Home Opinion Opinion: From Student Rays to Scroll

Opinion: From Student Rays to Scroll

When I opened storage bins containing papers nearly a century old, I realized just how much history was behind Ricks College, let alone Scroll. I am proud to be a journalist for this organization, and hopefully the words I write can inspire other students here on campus.

When I began my research, I realized that while so much information was preserved, it was unorganized. I soon felt that a cohesive understanding of the history of the campus newspaper was needed.

Here is a comprehensive history of BYU-Idaho’s oldest organization — Scroll.

The Student Rays: 1905-1932

On Nov. 5, 1905, Ricks Academy printed its first school-funded newspaper, The Student Rays. For the first decade of its life, The Student Rays was printed in a booklet format and featured hand-drawn covers.

These booklets were intended to be monthly productions. The writers focused heavily on religious content, but they also focused on advertisements for local businesses.

In the 1920s, The Student Rays transitioned to publishing in a traditional newspaper format.

The Purple Flash: 1933-1937

"The Purple Flash" newspaper from the 1930s.
"The Purple Flash" newspaper from the 1930s. Photo credit: Isabelle Justice

In 1933, The Student Rays became The Purple Flash. This newspaper had regular columns, like “Aunt Jerusha’s Corner,” which discussed student life — such as dating, missions and class advice.

The Student Rays focused on the Rexburg community, but The Purple Flash focused solely on campus events and school spirit.

The Viking Flash: 1937-1938

In 1937, it’s safe to say that The Purple Flash had an identity crisis.

The newspaper changed its name to Viking Flashes, otherwise known as The Viking Flash, in 1937. This was done to reflect Ricks College’s new mascot, Thor the Viking. After a year of this title, the editors decided it was time for another change.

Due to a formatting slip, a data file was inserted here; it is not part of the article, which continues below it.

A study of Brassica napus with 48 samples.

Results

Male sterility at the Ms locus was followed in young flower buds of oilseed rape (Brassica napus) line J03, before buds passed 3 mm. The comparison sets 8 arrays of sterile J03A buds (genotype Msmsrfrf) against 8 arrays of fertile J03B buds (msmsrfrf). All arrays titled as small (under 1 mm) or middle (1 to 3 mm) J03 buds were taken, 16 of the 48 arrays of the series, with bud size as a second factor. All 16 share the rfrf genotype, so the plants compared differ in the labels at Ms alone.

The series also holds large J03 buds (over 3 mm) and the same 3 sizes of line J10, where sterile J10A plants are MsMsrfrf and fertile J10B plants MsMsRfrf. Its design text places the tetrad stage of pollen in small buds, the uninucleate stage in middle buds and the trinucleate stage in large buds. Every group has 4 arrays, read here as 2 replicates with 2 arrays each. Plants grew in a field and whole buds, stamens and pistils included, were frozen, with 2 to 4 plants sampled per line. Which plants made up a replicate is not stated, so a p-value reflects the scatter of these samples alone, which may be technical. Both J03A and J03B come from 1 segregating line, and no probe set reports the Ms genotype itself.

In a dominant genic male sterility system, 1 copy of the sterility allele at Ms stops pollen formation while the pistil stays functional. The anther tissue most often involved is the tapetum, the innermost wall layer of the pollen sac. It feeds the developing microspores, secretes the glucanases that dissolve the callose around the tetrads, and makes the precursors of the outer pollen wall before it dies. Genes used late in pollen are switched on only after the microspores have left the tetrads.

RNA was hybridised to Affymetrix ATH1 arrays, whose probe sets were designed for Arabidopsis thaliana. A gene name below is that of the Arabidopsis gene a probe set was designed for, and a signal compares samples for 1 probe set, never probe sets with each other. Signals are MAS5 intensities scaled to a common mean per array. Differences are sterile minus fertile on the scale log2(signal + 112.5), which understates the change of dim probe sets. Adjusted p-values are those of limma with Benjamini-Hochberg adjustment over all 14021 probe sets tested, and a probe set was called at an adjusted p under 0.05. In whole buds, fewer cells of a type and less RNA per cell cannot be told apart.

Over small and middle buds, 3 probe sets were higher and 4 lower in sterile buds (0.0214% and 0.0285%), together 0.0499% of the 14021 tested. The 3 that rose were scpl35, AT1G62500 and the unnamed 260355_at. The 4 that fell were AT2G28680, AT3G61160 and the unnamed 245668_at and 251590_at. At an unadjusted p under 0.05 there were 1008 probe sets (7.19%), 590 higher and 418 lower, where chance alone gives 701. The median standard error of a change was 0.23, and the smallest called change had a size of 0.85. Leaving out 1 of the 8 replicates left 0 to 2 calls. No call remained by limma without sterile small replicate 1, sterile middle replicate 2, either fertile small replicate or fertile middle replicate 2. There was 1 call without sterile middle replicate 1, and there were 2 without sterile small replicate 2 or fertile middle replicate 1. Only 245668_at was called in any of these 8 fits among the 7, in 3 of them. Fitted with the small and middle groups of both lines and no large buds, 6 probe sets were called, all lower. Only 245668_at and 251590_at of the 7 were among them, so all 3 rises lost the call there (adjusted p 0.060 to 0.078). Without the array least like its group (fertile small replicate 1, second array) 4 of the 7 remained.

The paper offered multiple campus-wide competitions to get the perfect name for the Ricks College newspaper.

“Because of the fact that the judges were not satisfied with the names submitted, the staff has deemed it advisable to re-open the contest for the best name for the paper,” said one staff member in 1937.

The Viking Flashes was printed irregularly in 1937 and was sold for 10 cents a copy. The content was student-focused and often included poems and quotes.

Click here to read Scroll’s cover of Viking Flashes.

The Viking Scroll: 1938-1973

After The Viking Scroll was decided as the winning name, the paper began implementing a stoic, hand-drawn Viking on the front page. This paper was produced bi-weekly and was campus and community-focused.

The Viking Scroll covered historic events during this era, such as when Eleanor Roosevelt visited Ricks College, the civil rights movement, the women’s rights movement and the Supreme Court case of Gideon v. Wainwright where religion was no longer taught in public schools.

Click here to read Scroll’s cover of The Viking Scroll.

Scroll: 1973 to present

The "Scroll" newspaper from the 2010s.
The "Scroll" newspaper from the 2010s.

In 1973, the Scroll that we know was born. Scroll shared plenty of information on campus life and even lighthearted comics like “Calvin and Hobbes.”

As Scroll transferred into a new century, its content focused on the concerns of BYU-I students. Physical newspapers for BYU-I’s Scroll were issued weekly until 2018 when the final paper was published.

Today, Scroll covers Rexburg and campus events alike. It maintains topics such as feature articles, spiritual messages, intramural sports, college advice, local business covers and political covers.

If students are interested in checking out Scroll artifacts, see Special Collections and Archives on the second floor of the David O. McKay Library. Click here to view the online collection of campus newspapers. Before visiting, email Adam Luke so the newspapers and handbooks can be set up for you.